Healthy HotSpot partners are leading a movement to make suburban Cook County a healthier place to live, work, learn, worship, play, and receive healthcare. Look to Partner E-News for updates and resources you can use. Meet the partners.

Healthy HotSpot Resources

Healthy HotSpot Brochure
Healthy HotSpot Map
Places Promoting Healthy Living
Marketing Materials
Success Stories
Pledge to Go The Distance

Featured Resources

Complete Streets
Cook County Sweetened Beverage Tax
Info on Sugar Sweetened Beverages
Tobacco 21 Fact Sheet
Public Health Actions to Support Immigrants
WePLAN 2020

Upcoming Events

Healthy Corner Store – Food Tastings
Diabetes Self-Management Training for Public Health and Healthcare Professionals

Pump Up P.E. Training



Creating healthy communities takes multiple strategies. Read on to learn how locations throughout Cook County are making policy, systems, and environmental changes to make the places we live into Healthy HotSpots.

Bringing Complete Streets to Life for Suburban Cook County Residents

Complete Streets improvements can take years to design, fund, and build. Pop-up Complete Streets events showcase temporary street treatments and provide community members with an immediate, tangible visualization of Complete Streets designs. In summer and fall 2016, Active Transportation Alliance held six pop-up events in suburban Cook County municipalities that were made possible with funding from the Centers for Disease Control and Prevention. Temporary facilities such as bicycle lanes, crosswalks, and roundabouts were created with materials like duct tape, tar paper, and paint. Residents of all ages came out for the events. Three municipalities are now planning to construct permanent facilities. For more information, contact Maggie Melin. Watch video series>> >>

Cook County Sweetened Beverage Tax to Boost Community Prevention Initiatives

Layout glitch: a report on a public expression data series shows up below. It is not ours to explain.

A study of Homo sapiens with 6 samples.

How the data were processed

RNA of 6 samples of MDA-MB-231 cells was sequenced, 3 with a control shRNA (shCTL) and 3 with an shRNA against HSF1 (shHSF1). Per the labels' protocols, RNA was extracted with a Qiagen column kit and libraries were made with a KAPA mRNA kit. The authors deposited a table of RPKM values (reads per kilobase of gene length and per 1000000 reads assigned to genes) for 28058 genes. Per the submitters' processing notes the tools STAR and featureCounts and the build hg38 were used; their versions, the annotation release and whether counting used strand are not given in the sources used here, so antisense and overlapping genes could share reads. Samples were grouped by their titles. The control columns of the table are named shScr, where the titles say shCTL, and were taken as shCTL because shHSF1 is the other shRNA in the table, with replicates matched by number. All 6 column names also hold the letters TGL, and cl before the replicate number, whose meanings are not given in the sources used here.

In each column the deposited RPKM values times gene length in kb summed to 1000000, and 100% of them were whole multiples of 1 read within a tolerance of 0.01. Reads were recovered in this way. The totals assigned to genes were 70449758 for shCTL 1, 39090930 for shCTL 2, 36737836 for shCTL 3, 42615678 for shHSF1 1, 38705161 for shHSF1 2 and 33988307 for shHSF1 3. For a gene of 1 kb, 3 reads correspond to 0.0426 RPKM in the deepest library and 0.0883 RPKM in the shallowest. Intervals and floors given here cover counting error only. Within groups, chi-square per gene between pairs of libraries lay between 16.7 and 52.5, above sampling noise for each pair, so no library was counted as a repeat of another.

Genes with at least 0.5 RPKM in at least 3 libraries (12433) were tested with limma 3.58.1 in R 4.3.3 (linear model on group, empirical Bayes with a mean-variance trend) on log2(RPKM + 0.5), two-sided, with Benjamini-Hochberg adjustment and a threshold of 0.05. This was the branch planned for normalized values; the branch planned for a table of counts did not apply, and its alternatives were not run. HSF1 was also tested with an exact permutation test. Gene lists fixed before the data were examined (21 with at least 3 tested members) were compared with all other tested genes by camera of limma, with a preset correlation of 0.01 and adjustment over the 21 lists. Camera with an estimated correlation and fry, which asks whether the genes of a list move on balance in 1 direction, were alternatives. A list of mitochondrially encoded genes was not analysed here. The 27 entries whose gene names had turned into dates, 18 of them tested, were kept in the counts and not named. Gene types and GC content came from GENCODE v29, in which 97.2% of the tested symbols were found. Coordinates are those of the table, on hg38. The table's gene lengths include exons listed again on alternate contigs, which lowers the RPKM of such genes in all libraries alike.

The Cook County Board of Commissioners passed a sweetened beverage tax in November 2016. Effective July 1, 2017, the tax will help fund critical County health and criminal justice services while also addressing the top source of added sugar in our diets - sugary drinks. The Cook County Health & Hospitals System will invest some of the tax revenue collected in new grant opportunities for healthcare and community transformation. Grants will support multi-sector partnerships that advance policy, systems and environmental improvements that promote healthy living. Promoting Rethink Your Drink resources can also help raise awareness of the health harms of sugary drinks. Help spread the word >>

A Safe Place to Call Home: Immigration as a Public Health Issue

A forum a t the University of Illinois at Chicago highlighted the threat to community health posed by recent immigration enforcement actions of the Trump administration. New federal immigration policies and deportation have public health consequences: several studies confirm that all immigrants (both documented and undocumented) change their health-seeking behaviors when the threat of deportation is increased. When people are afraid that they will be stopped by police, they don’t report crime including domestic abuse, don’t attend medical appointments, don’t drive to purchase healthy foods, and don’t go outdoors for physical activity. Immigrants self-report poorer health status after raids, and research indicates increased rates of low birthweight babies born after raids – regardless of mother’s immigration status. In response, some suburban communities, like Oak Park and Berwyn, have adopted “welcoming city” ordinances, which clarify the role of municipal police and confirm their separation from federal immigration officials. Find out more about the impacts of immigration policies on health, and discover some tips for ways agencies can support immigrants in their communities. Learn more >>

Tobacco 21 Passes in Maywood!

In the first victory of a broad-based initiative to reduce tobacco use, Proviso Partners for Health’s proposal to increase the tobacco purchase age from 18 to 21 was unanimously approved by the Maywood Village Board on Tuesday, May 2, 2017. In doing so, it joins Chicago, Evanston, Oak Park, Highland Park, Deerfield and Naperville in making strides to curb tobacco use and improve the health of its residents. Since almost all smokers begin smoking during adolescence or young adulthood, raising the minimum legal sales age helps reduce the number of youth who start smoking. Interested in learning more about Tobacco 21 for your community? Contact Lainie Sanker from Respiratory Health Association. Read local news story >>

Healthy HotSpot is an initiative led by the Cook County Department of Public Health that aims to build healthy places in suburban Cook County through community partnerships.
Partner E-News is made possible with funding in part from the Centers for Disease Control and Prevention. The views expressed in this newsletter do not necessarily reflect the official policies of the CDC or imply endorsement by the U.S. government. To subscribe to Partner E-News, click here. To unsubscribe, click here.